Brenda goes to France travel blog

The Chateau

Chateau Margaux winery

Living wall

The wine master

Concrete tank for releasing juice from berries

In a storage room

View from parking lot


Yesterday, may 14, we visited Margaux, one of the 5 grand Cruz top level wine producers. First we drove past the other 3 wineries and made a stop at Pichon-longueville for a shopping opportunity in this lovely area.

We arrived at the Chateau Margaux after driving by the three other top Chateaus in the Medoc. Another top chateau is near Bordeaux, too far away to see. We learned the these levels were set in the 1850's and are based on the soil characteristics which foster the best grapes.

On the way to the winery We passes two planted walls - very beautiful. As we walked along the master mentioned that the windy conditions of the day were excellent for drying out the overly saturated soils resulting from the previous week of rain. He also talked about the need for the owner of the Chateau to live on the propertfor the wine making to remain at its highest levels. At this time many of the Chateaus are no longer owned by families, but by large multinational companies. This one is owned by an insurance company

The master vintner gave a detailed talk about the chateau's wine making process. He spoke with a charming accent, but with my bad hearing and lack of knowledge of the subject I found it difficult to understand him. However I did learn some things. In addition he echoed some of the ideas related by the master at Chateau Saiuroc.

Both men speak of their vines like children. They compare the growth and productivity of the vines to childhood through maturity. They agree that varieties are most productive during particular ages;for ex,, Merlot (I'm not sure that this is the variety he named) produces best from the ages of 30'to 70. After this the vines must be removed and the plot replanted. Vines are placed in particular plots depending of matching the requirements of the vines to the site -- drainage, light exposure, soil type.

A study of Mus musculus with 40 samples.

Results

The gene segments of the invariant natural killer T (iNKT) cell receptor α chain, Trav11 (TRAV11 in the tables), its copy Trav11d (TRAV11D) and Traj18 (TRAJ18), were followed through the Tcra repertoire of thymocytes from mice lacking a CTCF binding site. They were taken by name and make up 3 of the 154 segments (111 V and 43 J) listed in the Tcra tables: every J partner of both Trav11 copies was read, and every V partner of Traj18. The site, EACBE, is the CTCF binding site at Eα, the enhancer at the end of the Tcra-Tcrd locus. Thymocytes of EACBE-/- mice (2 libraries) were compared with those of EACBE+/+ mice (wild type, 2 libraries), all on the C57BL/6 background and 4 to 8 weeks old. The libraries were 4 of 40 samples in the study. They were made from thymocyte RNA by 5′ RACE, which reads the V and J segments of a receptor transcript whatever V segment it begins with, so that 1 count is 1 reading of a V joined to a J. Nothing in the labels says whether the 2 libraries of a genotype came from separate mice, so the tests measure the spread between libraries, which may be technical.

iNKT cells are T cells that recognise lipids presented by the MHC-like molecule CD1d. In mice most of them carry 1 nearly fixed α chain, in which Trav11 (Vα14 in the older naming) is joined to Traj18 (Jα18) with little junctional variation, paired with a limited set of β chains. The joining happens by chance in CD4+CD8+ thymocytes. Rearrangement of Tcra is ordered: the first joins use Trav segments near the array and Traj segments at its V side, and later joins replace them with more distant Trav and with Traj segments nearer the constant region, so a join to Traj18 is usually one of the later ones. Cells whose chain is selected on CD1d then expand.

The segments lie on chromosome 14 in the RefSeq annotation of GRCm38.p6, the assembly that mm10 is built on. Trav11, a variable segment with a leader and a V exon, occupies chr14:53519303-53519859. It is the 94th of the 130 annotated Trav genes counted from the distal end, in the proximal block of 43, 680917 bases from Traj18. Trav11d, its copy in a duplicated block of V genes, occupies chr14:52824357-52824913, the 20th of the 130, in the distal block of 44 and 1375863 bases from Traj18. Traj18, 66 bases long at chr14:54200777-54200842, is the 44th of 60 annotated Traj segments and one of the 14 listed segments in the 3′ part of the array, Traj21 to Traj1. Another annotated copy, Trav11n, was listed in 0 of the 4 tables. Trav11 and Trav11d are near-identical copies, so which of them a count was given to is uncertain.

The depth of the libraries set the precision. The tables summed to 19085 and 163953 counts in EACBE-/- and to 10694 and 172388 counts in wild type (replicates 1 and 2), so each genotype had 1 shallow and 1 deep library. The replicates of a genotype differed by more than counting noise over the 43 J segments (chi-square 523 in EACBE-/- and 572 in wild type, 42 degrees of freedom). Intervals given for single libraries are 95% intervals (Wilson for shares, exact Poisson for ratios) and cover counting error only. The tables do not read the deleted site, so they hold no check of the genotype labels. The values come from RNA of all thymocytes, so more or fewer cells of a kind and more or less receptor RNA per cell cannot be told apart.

On harvesting, at this Chateau the berries are treated very gently. They are not dumped,into large containers which would bruise those on the bottom. They are sorted using imaging technology. They are placed in hugh concrete tanks for releasing the juice and are allowed to sit to gently release the juice. The are not pressed.

The juice is finally drawn off and put into casks. Depending on the variety, these casks will be new, second or third use casks. All the product of one plot is at this time stored together. Later the various types will be blended according to their characteristics. This cast processing time will vary depending on what the wine needs.

We looked at a storage room for bottled wine. He said that for aging in the bottles the imperial size is best. All bottles had their corks exposed. He said his grandfather had taught him that, as one doesn't wear his cap inside, the bottle does not wear it's foil inside. The structure of the variety determines the length of cellaring. Wines there may be at their peak from, for ex, 30 to 60 years.

Tasting followed. Three wines were shared. The first one, he said, was to warm the glass for those to follow. These even to me were off a much better quality than the first . The third was the oldest and was indeed heavenly.

After the tasting we said goodbye and left for our next stop, a dinner at Chateau Kirwan. First we had onion soup with a puff pastry top and a lovely white wine, signatures 2014. Next came a salad with duck breast and duck confit served with a red, Les Charmes de Kirwan 2011.The main was fillet mignon of veal in a beautiful sauce, potatoes gratin, asparagus and carrots accompanied with Chateau Kirwan 1999. Desert was chocolate Viennetta, figs in black current sauce with chocolate ice cream. All was delightful. We were bussed back to the ship where we had cheeses and Sauternes.

All in all, a busy and satisfying day.